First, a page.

Greek hoteliers have filed a complaint with the country’s Competition Commission requesting immediate action to tackle unfair practices employed by digital platforms, said the Hellenic Chamber of Hotels (HCH) in a statement this week.

More specifically, the chamber said it was calling on the Hellenic Competition Committee to address the “unfair practices employed by digital platforms, which are abusing their dominant position on the online booking market”.

According to the HCH, among others, online travel agencies (OTAs) have still failed to comply with previous Competition Commission rulings with regard to arbitrary exchange rate clauses and the use of misleading advertising methods.

The HCH cites online search and user data provided by the Misleading Internet Advertising Observatory that monitors and records these practices on behalf of the chamber.

“Our only defense against inflation and high prices is growth. However, a precondition for growth is healthy competition, especially with regard to the hospitality sector, on which the country pins its hopes every year,” said HCH President Alexandros Vassilikos.

“However, in order for the hospitality sector to provide for the economy and for society, it must at least not be undermined in unfair ways. When we plan Greece’s  sustainable tourism future, we cannot at the same time turn a blind eye to abusive and misleading practices,” said Vassilikos explaining why the HCH went ahead and filed a complaint requesting what is “self-evident”.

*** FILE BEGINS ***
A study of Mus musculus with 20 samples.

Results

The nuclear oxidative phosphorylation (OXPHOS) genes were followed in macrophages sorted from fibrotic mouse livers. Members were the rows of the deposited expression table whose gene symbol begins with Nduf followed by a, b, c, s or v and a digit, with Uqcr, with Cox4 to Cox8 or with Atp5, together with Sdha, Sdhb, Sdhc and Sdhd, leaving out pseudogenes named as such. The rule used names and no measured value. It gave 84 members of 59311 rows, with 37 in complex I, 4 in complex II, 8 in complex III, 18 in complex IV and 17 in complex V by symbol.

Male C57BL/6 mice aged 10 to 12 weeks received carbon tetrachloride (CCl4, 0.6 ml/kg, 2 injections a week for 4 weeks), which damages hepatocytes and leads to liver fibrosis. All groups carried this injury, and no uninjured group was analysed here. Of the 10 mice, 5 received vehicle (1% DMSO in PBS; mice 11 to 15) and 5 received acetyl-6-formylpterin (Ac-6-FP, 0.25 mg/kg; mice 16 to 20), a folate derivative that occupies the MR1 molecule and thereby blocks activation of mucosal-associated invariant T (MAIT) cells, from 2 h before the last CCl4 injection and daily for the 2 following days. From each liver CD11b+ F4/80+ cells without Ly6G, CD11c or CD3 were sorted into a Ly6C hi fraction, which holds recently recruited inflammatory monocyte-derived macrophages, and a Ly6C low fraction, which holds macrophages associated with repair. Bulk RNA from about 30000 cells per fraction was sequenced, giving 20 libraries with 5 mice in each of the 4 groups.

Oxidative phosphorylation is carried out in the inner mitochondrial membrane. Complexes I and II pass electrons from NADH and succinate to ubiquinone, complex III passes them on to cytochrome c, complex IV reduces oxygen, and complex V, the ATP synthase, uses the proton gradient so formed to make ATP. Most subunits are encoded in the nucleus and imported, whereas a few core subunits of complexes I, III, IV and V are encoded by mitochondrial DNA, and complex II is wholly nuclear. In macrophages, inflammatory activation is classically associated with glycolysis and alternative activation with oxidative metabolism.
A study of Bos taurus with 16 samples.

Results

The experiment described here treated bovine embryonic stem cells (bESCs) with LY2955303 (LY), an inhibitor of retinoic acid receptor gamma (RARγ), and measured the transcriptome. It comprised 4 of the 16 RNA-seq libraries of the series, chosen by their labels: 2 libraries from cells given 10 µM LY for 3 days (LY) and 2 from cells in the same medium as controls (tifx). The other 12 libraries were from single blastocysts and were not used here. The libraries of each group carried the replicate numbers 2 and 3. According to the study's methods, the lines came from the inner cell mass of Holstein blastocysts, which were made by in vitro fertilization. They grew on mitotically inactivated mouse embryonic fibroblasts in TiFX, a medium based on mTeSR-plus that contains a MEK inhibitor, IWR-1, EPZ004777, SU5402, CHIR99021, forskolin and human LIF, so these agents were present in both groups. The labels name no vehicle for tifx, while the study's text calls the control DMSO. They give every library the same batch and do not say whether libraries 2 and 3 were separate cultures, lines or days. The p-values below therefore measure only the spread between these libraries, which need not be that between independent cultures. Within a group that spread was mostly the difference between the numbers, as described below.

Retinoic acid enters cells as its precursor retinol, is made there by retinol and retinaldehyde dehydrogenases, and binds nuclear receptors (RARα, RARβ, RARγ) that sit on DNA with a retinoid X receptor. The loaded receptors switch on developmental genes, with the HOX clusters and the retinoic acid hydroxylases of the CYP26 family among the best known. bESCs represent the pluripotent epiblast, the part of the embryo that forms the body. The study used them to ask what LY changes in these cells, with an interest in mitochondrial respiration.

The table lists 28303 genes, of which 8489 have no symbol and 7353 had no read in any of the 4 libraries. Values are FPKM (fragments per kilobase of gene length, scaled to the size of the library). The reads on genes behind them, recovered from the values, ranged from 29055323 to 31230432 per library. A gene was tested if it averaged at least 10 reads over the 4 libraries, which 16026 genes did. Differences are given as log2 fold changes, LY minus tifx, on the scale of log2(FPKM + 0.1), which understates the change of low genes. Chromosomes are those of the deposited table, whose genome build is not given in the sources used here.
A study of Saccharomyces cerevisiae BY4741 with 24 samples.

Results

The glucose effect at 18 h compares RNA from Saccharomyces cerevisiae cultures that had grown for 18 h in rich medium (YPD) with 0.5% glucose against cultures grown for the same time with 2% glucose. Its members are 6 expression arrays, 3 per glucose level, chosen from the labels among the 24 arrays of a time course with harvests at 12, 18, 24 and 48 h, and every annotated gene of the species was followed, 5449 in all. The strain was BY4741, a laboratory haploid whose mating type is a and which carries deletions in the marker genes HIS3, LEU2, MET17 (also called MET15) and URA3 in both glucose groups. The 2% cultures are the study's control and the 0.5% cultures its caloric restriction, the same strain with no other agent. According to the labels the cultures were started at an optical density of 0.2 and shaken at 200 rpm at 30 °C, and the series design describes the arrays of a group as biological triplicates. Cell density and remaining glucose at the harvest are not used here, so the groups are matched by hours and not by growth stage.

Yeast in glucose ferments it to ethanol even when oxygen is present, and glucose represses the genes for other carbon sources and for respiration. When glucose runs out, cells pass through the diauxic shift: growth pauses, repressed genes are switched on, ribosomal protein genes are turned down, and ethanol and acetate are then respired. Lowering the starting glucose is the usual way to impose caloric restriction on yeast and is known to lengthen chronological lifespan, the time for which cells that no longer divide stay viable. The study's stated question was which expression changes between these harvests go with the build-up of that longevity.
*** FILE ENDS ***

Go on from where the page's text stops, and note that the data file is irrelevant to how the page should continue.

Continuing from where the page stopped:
HCH President Alexandros Vassilikos

Before resorting to legal action, the HCH met with national hospitality associations from Germany and France, where authorities have addressed issues of fair play particularly in view of the new Digital Markets Act (DMA) which has been adopted and is now in force in the European Union.

Earlier this year, EU lawmakers agreed to the adoption of the DMA aimed at ensuring fair competition and more choice for users and ultimately protecting hospitality enterprises from so-called “digital gatekeepers” which exercise disproportionate power towards their business users and consumers.

Europe’s hotel industry through HOTREC, the umbrella association representing hotels, restaurants, bars and cafés, welcomed the announcement and commended the EU for setting new rules targeting digital gatekeepers.

Once fully applicable, the DMA will blacklist certain practices used by large platforms acting as “gatekeepers” and enable the Commission to carry out market investigations and sanction non-compliant behavior.

Chicago-born and raised, Maria Paravantes has over two decades of journalistic experience covering tourism and travel, gastronomy, arts, music and culture, economy and finance, politics, health and social issues for international press and media. She has worked for Reuters, The Telegraph, Huffington Post, Billboard Magazine, Time Out Athens, the Athens News, Odyssey Magazine and, among others. She has also served as Special Advisor to Greece’s minister of Foreign Affairs, and to the mayor of Athens on international press and media issues. Maria is currently a reporter, content and features writer for GTP Headlines.
  1. Pete Reply

    We have the same problem in the tours and activities sector. We try to help and deliver solutions at

    It’s so important to sustain local tourism business, meaning tour providers, hotels etc. Sadly, OTAs think that sustainability at ground level means taking upwards of 25% per booking.